The mission of the Eastern Sierra Avalanche Center is to inform and educate the public on avalanche conditions in the Eastern Sierra Nevada mountains of California.
The Friends of Eastern Sierra Avalanche Center is a 501(c)3 non-profit organization overseen by a volunteer Board of Directors, outlined below. For general information, please email email@example.com.
ESAC employs 3 full-time avalanche forecasters to provide daily avalanche advisories and field observations. An administrative coordinator and education coordinator support the forecasters and the board of directors in fulfilling our mission and expanding opportunities for local community members.
Josh Feinberg, Lead Forecaster
Josh moved out to the Eastern Sierra for a winter in 2002 to ski patrol and never left. Discovering and exploring the winter backcountry soon became a passion. He’s had the privilege of being part of the Mammoth Mountain Ski Patrol team for over a dozen years, and it is now his sixth year as part of the Eastern Sierra Avalanche Center’s forecasting team. He spends summers working for the Forest Service’s Forest Inventory and Analysis program collecting data on forest health all over central California.
Chris Engelhardt, Forecaster
The Eastern Sierra has always been a special place to Chris, he grew up skiing at Mammoth and after college returned to ski patrol at Mammoth for four winters. Chris has also worked a guide/patrol and as the snow safety director at Silverton Mountain in the San Juan Mountains of Colorado, forecasted and guided heli-skiing in the Chugach and Kenai Ranges of Alaska, and guided skiing on Hokkaido, Japan. Chris has worked as a ski/snow professional since 1999 and is experienced with both maritime and continental snowpack.
Steve Mace, Forecaster
Steve grew up skiing in Golden, Colorado. He began to venture outside the gates in his mid teens and never looked back. While attending college in Durango, Colorado, he continued to push his skills and knowledge earning his turns in the San Juan mountains. He has skied across the globe from Japan to the Himalaya where he helped start a ski school in Gulmarg, Kashmir. More recently Steve has worked as a ski guide in the Wallowa Mountains of eastern Oregon as well as a member of the Snow Safety department at Mt Hood Meadows. When Steve isn’t skiing he spends his time guiding raft trips on the Colorado River through the Grand Canyon.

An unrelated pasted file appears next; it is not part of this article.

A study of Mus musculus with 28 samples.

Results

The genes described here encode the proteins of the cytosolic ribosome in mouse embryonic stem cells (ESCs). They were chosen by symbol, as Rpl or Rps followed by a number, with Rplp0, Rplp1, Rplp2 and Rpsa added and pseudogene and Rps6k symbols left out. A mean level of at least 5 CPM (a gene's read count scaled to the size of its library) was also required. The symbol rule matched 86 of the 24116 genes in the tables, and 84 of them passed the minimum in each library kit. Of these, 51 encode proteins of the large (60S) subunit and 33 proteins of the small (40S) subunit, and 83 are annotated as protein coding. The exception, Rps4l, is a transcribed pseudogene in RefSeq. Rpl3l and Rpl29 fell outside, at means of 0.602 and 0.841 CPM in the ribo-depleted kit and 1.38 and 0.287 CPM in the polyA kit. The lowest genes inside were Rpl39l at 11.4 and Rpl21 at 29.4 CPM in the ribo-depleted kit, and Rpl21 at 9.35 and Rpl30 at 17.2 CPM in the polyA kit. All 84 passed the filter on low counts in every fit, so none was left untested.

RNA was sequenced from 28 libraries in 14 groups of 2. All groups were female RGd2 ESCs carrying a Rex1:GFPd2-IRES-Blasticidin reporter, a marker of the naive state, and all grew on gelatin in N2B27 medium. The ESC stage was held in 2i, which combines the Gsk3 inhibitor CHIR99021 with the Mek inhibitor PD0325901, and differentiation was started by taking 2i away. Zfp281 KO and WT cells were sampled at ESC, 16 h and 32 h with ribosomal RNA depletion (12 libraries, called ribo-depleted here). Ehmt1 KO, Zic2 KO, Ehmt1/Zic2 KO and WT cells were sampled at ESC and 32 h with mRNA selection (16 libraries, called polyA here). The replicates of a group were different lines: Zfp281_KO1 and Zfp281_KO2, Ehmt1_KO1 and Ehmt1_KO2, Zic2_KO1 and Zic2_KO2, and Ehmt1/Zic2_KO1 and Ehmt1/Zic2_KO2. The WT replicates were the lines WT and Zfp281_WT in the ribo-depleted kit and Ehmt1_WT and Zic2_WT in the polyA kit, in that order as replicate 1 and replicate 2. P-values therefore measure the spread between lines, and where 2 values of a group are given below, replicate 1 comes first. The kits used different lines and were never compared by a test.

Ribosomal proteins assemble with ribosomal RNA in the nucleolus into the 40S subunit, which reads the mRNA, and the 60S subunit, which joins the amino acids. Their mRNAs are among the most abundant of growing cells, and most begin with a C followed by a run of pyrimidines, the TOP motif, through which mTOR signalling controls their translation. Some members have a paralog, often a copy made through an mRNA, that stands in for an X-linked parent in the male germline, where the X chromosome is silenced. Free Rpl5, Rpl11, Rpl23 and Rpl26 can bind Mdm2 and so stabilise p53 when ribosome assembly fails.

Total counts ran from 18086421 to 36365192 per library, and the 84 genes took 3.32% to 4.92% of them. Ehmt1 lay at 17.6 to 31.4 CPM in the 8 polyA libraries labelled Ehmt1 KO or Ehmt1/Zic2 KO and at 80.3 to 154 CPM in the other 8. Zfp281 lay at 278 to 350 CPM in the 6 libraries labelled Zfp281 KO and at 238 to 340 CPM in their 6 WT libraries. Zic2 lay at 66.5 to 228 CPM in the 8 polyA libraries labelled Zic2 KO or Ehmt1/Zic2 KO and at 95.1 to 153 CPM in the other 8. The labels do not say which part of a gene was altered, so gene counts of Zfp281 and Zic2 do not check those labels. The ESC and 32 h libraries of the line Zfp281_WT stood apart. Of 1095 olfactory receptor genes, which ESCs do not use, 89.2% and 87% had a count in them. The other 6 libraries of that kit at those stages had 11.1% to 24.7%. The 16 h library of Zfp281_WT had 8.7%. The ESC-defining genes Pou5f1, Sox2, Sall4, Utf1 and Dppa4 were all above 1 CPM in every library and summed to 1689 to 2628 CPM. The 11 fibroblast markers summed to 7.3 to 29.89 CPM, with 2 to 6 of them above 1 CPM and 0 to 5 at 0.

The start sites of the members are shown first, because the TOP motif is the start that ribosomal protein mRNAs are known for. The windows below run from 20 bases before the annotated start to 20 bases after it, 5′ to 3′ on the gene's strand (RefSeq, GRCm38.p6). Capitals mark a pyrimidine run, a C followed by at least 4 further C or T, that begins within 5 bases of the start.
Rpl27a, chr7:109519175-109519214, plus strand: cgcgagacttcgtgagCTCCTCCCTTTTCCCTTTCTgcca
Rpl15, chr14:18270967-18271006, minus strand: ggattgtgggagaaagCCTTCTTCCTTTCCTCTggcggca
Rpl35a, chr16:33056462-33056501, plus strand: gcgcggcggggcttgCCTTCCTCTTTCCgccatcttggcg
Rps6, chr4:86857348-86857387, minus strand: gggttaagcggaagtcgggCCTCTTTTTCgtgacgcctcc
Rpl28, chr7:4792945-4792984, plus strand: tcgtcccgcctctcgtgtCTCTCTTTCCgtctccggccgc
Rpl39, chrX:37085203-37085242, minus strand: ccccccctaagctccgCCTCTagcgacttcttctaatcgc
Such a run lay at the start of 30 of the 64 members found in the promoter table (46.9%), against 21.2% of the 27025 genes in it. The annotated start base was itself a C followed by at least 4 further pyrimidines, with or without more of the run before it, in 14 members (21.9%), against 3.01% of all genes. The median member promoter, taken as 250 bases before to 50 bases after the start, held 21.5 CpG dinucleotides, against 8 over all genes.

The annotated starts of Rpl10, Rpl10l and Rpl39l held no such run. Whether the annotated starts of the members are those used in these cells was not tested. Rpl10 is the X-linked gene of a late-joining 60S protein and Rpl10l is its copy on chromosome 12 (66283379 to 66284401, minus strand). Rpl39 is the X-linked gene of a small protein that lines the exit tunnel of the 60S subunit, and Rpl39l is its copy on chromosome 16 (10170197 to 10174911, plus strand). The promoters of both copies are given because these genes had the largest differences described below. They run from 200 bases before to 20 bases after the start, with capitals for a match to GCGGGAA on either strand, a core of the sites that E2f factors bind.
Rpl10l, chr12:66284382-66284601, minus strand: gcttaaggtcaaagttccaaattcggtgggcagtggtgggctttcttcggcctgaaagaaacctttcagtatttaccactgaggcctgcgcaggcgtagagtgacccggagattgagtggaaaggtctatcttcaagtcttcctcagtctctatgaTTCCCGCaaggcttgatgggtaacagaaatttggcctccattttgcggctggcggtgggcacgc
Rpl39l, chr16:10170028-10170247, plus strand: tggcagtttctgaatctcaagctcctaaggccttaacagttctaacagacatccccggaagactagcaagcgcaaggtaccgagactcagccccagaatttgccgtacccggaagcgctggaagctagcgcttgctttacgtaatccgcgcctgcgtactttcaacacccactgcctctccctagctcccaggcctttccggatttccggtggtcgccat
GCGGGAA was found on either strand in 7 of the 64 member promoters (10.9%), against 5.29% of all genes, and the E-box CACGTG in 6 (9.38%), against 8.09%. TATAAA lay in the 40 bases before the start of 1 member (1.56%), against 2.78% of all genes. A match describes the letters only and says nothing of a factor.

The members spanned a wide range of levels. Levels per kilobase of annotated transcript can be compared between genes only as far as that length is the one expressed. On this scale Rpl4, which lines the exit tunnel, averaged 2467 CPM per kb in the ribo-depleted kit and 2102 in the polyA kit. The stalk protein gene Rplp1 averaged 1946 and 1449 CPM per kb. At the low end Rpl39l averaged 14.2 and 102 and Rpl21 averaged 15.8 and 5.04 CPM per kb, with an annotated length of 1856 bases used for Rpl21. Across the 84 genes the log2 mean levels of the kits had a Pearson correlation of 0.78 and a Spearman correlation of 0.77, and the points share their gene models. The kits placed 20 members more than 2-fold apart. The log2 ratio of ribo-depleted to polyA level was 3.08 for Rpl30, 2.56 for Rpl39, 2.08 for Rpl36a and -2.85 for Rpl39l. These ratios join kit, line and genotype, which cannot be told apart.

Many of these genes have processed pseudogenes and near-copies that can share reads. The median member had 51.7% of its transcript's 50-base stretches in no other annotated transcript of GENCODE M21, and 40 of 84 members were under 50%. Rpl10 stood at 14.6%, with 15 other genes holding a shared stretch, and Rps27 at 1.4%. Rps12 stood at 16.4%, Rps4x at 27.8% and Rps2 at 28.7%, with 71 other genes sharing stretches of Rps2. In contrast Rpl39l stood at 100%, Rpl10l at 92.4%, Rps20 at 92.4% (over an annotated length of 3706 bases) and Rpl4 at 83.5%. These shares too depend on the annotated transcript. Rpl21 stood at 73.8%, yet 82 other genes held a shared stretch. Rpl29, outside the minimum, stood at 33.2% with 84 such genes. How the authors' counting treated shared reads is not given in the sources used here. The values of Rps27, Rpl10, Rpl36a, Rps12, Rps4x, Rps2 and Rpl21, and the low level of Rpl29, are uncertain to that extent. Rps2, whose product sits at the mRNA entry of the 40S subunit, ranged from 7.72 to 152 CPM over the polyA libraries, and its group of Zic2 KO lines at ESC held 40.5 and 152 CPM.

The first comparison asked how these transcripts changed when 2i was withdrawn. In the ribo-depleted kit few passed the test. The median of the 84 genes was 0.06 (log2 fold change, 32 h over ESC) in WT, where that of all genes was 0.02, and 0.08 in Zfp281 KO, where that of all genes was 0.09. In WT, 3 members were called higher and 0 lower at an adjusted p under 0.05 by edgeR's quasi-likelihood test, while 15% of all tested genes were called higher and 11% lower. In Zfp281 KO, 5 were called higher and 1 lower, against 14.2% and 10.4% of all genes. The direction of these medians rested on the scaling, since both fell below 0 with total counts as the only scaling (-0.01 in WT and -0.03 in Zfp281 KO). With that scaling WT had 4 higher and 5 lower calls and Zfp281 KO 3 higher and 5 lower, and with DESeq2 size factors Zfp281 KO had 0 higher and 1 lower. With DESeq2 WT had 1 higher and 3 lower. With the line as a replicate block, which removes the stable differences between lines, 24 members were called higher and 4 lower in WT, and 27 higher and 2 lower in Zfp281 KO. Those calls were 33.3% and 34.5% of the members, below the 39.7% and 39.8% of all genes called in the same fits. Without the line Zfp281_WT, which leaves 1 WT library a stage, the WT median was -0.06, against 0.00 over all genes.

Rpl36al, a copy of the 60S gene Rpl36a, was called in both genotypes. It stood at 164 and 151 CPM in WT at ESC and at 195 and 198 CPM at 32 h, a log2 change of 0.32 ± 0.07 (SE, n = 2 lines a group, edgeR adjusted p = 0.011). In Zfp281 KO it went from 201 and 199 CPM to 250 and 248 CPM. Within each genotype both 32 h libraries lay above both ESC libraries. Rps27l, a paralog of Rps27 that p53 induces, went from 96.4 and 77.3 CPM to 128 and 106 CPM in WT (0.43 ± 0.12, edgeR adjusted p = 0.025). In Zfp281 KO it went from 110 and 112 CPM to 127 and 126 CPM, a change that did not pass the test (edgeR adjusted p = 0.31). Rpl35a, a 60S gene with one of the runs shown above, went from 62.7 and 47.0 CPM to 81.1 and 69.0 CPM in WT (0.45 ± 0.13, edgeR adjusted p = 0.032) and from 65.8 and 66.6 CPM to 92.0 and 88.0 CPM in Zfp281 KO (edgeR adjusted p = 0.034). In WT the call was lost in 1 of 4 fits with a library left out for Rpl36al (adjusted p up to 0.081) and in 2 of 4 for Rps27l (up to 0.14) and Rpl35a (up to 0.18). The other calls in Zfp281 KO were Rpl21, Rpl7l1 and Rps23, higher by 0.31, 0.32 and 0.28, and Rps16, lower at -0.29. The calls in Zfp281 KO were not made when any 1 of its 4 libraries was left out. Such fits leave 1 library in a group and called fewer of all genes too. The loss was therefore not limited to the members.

Mike Phillips, Education Coordinator
Mike is the Education Coordinator for the Eastern Sierra Avalanche Center. Mike grew up skiing and snowboarding on icy ski area slopes in New England and far prefers the softer snow and bigger mountains of the West. He has worked for the Mammoth Mountain Ski Patrol since 2010 and is a lead member of the patrol’s Weather and Avalanche Safety Program. Mike has also taught AIARE avalanche courses in the Mammoth area since 2016. While powder skiing sure is great, Mike always looks forward to spring ski touring and corn snow in the High Sierra.
Rachel Drattler, Administrative Coordinator
Rachel grew up in the Northeast and moved to California after college to pursue her passion for climbing. With a degree in Human Ecology, Rachel has dabbled in numerous industries, traveled extensively throughout the U.S. and abroad in pursuit of remote climbing and skiing adventures. After years of working as an outdoor educator, Rachel has settled into the Eastern Sierra where she now calls June Lake, “home”. When not bounding about the Eastside, her seasonal migration leads her back to Boulder, Utah where she works as an instructor for Boulder Outdoor Survival School.
Board of Directors
Nate Greenberg – President
Forrest Cross – Vice President
Ann Logan – Secretary
Neil Satterfield – Treasurer
Walter Rosenthal – President in memoriam
Walter Rosenthal was the Snow and Avalanche Analyst for Mammoth Mountain, a remote sensing expert for the U.S. Army Cold Regions Research and Engineering Laboratory and a researcher at the Institute of Computational Earth System Science, University of California, Santa Barbara. He specialized in remote sensing of snow and snowpack processes related to sintering and avalanches. As a private consultant he provided operational subresolution snow mapping algorithms and programs to the U.S. Army Cold Regions Research and Engineering Laboratory from 1995 through 2002. Both the Army and the National Weather Service’s National Operational Hydrologic Remote Sensing Center employ his algorithms and are expanding their use to daily operational snow cover maps over North America.
Walter tragically lost his life while trying to save the lives of others in 2006. He was a vital force in the development of ESAC and is dearly missed.